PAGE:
Sam Moses
November 06, 1978
Having just won an unprecedented third straight stock-car title, Cale Yarborough of South Carolina has some notions of a first governorship

Nice Meetin' Ya, The Name's Cale

Having just won an unprecedented third straight stock-car title, Cale Yarborough of South Carolina has some notions of a first governorship


He was a very cautious man,
He never smoke, he never drank.
He never romped or played,
Nor even kissed a maid.
And when he up and passed away,
Insurance was denied.
For since he hadn't ever lived,
They claimed he never died.

Bold as he may be with his body, Yarborough is a cautious, even secretive man with his soul. He is moved by currents deeper than he admits. His public face is one of self-confidence and gregarious-ness, but, says Betty Jo, offering an insight into the man she knows as only a wife can, "Back when we were just starting out, living in a house trailer and really scratching, many a night Cale cried to me, 'Momma, I just don't know if I can make it.' "

One NASCAR insider says, "Cale is close to his home and family, but not much else." Says another, "Nobody likes being a star more than Cale does." Both observations are accurate.

Yarborough reveals only glimpses of his emotions for others to connect for themselves into some sort of whole. He is moody, but controls his moods, if not completely concealing them. He believes a real man is strong and silent like a cowboy, a real cowboy. He is self-conscious about the fact that he now wears glasses (to correct an astigmatism) when he is watching television—but not while racing. "I don't really need them, but there's nothing wrong with wearing glasses," he says, as if to reassure himself, pointing out with a little grin of satisfaction that David Pearson "can't see a lick for reading without glasses."

Yarborough is proud of his reputation as NASCAR's toughest driver, a reputation he repeatedly earns. He is the only active racer never to have used a relief driver during a race. He sneers at "cool suits"—special driving uniforms that circulate cool water to keep a driver's body temperature down—and will not wear a "neck strap," which counteracts the centrifugal pull on a driver's head. Virtually all other NASCAR drivers use them.

The Volunteer 500 in August in Bristol, Tenn. is usually the most exhausting race on the circuit: the track is a steeply banked half mile (36 degrees, steeper than either Daytona or Talladega), the kind of circuit that creates tremendous G forces. The heat and humidity can be withering inside a race car—the temperature can reach 150°. This year the race was held at night to reduce the effects of the heat—but it was increased to 500 laps. Yarborough won, for the eighth time in the last 12 races. In winning a race at Bristol five years ago, he led every lap, a feat that has been accomplished only three times on NASCAR tracks, and two of those times Yarborough was the driver.

"I'd use a relief driver if I ever needed one," he says, "but I never have." But there is reason to wonder how much of his stamina is sheer determination. Yarborough's back sometimes gets sore from sitting in an easy chair and watching television. His left shoulder periodically troubles him, the result of being broken more than 20 years ago when he fell out of a tree while hunting. His right shoulder blade is not intact, having been shattered nine years ago in a head-on crash into the wall at Texas Speedway when a tire blew on his stock car at 180 mph. "They told me I wouldn't ever have enough strength to drive a race car again," says Yarborough. "Two months later I set a qualifying record at Daytona that still stands—194.015 mph. My shoulders never bother me in a race car, though," he says, somewhat defensively.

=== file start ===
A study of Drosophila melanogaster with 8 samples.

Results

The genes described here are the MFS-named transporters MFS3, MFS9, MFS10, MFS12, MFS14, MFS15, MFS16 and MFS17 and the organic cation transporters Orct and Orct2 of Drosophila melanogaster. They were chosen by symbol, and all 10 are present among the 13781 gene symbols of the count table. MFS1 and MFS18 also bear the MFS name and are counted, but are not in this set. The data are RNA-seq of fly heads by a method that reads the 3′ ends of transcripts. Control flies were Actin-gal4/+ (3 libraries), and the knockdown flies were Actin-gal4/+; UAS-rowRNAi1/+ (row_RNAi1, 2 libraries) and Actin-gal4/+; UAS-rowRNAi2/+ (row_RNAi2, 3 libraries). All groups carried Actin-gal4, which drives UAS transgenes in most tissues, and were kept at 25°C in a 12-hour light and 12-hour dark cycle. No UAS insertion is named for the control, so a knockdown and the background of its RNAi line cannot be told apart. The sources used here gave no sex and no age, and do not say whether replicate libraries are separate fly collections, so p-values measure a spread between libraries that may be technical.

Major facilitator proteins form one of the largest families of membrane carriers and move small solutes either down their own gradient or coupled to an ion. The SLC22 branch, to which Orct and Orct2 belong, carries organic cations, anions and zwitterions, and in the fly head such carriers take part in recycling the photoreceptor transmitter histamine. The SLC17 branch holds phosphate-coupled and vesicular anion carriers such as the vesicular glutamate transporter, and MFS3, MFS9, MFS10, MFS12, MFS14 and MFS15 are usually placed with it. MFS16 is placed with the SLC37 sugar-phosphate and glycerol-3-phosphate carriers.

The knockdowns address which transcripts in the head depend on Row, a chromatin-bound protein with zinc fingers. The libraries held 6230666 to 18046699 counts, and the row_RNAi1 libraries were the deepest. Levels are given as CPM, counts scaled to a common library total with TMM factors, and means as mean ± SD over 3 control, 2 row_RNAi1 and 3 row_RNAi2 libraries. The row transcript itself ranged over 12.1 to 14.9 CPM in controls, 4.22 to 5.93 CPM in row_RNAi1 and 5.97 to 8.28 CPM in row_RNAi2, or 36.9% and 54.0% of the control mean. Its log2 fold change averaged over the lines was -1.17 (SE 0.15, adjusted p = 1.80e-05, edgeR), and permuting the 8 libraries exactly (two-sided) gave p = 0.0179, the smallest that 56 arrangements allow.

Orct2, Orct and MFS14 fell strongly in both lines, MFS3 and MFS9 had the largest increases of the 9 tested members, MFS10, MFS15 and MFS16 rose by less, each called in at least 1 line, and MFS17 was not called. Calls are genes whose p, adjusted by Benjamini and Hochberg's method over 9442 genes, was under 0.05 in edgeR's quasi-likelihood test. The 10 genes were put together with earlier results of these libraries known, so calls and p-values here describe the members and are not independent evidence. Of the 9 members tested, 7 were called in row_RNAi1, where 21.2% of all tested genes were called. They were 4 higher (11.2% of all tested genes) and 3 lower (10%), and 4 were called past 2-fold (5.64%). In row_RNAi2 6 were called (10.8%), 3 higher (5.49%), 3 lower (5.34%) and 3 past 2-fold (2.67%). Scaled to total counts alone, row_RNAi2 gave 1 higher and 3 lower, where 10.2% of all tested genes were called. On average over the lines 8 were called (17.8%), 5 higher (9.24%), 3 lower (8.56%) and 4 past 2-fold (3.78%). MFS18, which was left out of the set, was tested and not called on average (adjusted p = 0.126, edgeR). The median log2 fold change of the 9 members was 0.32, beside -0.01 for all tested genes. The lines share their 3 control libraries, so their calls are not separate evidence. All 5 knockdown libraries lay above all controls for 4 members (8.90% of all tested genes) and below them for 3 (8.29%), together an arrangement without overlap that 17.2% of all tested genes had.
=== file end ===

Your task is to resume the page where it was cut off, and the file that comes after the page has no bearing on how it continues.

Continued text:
ABC has invited Yarborough to compete in The Superstars, but he has declined. "Well, I'll tell you the truth," he says, "I couldn't do good. It's tough to compete with those guys who use their legs. I wouldn't do it unless I could do good." It hurts him to admit that, but not nearly as much as it would if he competed and didn't do well. He once appeared on a show called Dynamic Duos; he and Johnny Rutherford bowled against Jim Taylor and Jim Brown and lost, 139 to 98; to add insult to injury, Rutherford carried Yarborough. Cale tried to laugh it off—after all, it was only bowling—but his agony was real as he watched himself throw two gutter balls on television while the two NFL fullbacks chuckled at his expense. It was the same sort of agony he might have felt when Janet Guthrie was described by Red Smith in The New York Times as being "taller than Cale Yarborough."

The Yarboroughs are a "television family," as Betty Jo puts it. "We fight to see who gets the chair at the dinner table facing the TV." On the roof of the house is a large television antenna, a 60-foot-high tower on which are mounted three collateral antennas: one facing Charleston, one facing Columbia and one facing Florence. Yarborough has built a junction box that collects the signals from all three antennas and allows each of the five television sets in the house to get the best possible picture on any station.